Last week, the Knoxville News Sentinel reported that Lenoir City High School in Tennessee denied an atheist student permission to publish an editorial accusing school administrators and faculty of violating her rights as an atheist. Krystal Myers, editor of the school newspaper, wrote that the school allows prayer at football games "via the public address system," which she claims makes it school-sponsored prayer. Among other things, she also took issue with prayer at graduation, a teacher wearing a T-shirt with a crucifix on it, and another teacher writing Bible verses on the board as part of "Quote of the Day."
The U.S. Constitution protects expression of religion, speech, and the press, but these rights aren't absolute. The U.S. Supreme Court has interpreted the First Amendment to deny free speech protection to child pornography, incitement of violence, defamation, copyright infringement, and other forms of expression. The court also has ruled that a government high school can restrict speech in school-sponsored publications.
Notwithstanding Myers's allegation that Lenoir City High School violated the Establishment Clause or the school's right to restrict speech in a student newspaper, should the administrators have censored her article? Perhaps the better and less controversial option would have been to allow the editorial, along with a counterpoint editorial from a Christian student. For example, Myers wrote:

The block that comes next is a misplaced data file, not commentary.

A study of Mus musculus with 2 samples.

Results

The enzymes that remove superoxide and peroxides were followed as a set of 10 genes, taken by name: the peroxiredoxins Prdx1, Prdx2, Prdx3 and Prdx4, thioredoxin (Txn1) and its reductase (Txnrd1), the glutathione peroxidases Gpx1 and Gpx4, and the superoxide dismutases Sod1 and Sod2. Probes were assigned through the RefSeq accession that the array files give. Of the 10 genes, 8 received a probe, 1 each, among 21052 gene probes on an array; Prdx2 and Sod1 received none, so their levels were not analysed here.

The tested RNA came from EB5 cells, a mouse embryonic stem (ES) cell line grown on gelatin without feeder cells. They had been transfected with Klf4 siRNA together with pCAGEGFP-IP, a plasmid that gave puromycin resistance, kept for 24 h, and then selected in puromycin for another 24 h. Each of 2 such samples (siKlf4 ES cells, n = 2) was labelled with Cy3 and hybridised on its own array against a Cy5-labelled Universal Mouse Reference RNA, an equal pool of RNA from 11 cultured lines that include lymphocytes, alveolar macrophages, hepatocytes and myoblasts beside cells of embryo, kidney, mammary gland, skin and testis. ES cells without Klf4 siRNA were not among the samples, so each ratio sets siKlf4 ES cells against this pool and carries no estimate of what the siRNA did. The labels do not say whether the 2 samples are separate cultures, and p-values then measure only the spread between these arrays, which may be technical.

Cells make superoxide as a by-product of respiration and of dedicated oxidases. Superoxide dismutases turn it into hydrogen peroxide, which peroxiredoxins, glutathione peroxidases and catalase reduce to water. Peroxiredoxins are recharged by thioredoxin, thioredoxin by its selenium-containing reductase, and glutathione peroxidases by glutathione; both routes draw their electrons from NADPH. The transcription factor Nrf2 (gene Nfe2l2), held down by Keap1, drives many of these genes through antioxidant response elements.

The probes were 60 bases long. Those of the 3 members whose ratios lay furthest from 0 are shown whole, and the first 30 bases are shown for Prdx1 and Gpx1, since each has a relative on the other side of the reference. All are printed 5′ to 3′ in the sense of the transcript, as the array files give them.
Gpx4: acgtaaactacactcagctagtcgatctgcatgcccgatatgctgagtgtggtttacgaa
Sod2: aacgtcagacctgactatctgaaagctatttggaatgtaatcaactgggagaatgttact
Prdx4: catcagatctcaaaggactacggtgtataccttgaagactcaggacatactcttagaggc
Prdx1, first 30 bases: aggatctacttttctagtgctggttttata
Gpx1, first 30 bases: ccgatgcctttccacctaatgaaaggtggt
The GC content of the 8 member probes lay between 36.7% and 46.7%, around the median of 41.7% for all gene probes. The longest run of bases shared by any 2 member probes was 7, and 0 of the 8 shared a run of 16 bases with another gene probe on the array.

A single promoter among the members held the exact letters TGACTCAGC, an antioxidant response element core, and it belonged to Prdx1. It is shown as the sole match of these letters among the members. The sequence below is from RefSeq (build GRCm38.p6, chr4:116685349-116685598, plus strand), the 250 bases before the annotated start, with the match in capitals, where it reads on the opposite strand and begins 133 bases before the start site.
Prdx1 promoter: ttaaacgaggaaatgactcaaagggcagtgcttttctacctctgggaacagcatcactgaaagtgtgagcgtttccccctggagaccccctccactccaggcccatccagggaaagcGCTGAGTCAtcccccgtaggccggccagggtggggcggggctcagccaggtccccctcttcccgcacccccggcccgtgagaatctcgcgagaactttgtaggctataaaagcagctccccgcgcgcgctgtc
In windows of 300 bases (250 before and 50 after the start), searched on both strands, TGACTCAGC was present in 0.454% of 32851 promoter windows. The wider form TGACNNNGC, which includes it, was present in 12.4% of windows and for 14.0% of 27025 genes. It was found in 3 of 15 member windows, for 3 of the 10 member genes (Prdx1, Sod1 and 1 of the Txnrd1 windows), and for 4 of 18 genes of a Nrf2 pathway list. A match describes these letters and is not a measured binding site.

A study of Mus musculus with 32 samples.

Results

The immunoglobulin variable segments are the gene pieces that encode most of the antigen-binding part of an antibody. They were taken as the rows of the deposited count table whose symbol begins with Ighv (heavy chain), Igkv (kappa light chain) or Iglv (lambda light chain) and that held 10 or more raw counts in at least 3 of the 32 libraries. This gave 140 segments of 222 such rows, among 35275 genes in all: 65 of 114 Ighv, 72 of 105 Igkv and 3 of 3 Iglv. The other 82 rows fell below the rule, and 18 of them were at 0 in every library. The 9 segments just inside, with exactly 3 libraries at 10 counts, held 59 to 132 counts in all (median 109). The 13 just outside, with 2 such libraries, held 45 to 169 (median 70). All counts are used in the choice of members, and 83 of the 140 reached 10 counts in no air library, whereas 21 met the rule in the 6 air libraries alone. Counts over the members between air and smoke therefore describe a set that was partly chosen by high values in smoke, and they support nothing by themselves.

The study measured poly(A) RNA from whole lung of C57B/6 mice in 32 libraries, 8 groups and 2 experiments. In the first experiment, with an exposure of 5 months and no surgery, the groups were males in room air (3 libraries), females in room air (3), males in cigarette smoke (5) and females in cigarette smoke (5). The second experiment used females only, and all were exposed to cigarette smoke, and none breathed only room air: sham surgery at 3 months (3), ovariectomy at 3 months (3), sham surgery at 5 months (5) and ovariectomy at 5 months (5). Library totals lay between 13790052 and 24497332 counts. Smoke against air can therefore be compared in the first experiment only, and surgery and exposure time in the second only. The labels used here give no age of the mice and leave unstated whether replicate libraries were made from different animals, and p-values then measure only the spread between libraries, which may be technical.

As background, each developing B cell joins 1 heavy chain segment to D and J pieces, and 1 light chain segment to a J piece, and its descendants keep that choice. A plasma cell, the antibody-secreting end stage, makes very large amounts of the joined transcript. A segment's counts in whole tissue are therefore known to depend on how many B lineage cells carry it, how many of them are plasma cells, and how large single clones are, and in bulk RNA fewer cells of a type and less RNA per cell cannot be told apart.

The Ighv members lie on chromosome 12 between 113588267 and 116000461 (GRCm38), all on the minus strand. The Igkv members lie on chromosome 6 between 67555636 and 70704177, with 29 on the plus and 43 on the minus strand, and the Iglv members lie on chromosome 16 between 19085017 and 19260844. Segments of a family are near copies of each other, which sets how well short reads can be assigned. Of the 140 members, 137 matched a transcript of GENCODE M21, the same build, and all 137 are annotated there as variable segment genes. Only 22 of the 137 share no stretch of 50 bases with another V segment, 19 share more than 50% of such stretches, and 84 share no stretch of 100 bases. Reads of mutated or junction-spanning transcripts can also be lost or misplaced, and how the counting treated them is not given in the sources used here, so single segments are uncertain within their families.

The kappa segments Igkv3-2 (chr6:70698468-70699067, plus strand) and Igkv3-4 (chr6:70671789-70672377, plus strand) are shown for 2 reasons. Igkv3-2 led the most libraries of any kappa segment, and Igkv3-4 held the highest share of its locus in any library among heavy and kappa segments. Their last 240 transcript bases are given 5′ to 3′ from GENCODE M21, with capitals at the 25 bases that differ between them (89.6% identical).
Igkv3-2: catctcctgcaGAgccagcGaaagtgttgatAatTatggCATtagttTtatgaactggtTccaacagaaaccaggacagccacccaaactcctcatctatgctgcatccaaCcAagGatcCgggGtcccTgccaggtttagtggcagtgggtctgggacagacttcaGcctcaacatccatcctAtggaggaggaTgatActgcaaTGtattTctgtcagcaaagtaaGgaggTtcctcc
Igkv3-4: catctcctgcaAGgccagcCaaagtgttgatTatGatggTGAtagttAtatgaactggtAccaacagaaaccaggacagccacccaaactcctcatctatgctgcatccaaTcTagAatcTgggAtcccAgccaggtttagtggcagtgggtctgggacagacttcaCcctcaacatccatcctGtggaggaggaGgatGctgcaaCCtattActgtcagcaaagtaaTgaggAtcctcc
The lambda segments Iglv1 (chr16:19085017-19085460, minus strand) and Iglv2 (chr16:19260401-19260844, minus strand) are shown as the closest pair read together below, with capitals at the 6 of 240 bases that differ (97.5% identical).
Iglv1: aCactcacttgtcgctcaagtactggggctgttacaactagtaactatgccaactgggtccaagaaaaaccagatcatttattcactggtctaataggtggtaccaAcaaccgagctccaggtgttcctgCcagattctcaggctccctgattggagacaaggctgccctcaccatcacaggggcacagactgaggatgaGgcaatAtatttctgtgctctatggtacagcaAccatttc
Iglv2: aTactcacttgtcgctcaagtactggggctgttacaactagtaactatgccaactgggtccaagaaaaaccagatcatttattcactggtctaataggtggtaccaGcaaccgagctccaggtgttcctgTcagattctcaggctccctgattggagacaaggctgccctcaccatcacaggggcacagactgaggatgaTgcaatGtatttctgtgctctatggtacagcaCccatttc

"Before I even begin, I just want to clear up some misconceptions about atheism. No, we do not worship the 'devil.' We do not believe in God, so we also do not believe in Satan. And we may be 'godless,' but that does not mean that we are without morals. I know I strive to be the best person I can be, even without religion. In fact, I have been a better person since I have rejected religion."
A counterpoint response could have been along these lines:
"Ms. Myers might not believe the God of the Bible or Satan exists, but they certainly believe she exists. Satan is at enmity with God, and the Bible teaches that we belong either to God or to Satan. Our 'morals' and good deeds fall far short of God's standards of perfection. No matter how much we strive to be the 'best person' we can be, we are sinners under God's wrath and in need of a Savior. I'll explain what that means."
By publishing two opposing articles, Lenoir City High School could not be accused of favoring one system of belief over the other. Consequently, the administrators could have created a platform for debating the claims of the Christian faith and atheism and preparing young people to defend their beliefs. Instead, Myers will continue to think she's part of a persecuted minority group.
Myers and her persecution complex remind me of myself in young adulthood, full of passion about my formerly liberal and misguided views. She's experiencing the power of boldly expressing her opinions, and the attention surrounding the censorship controversy likely will fuel her fervor.
Do you think the school should have censored the editorial?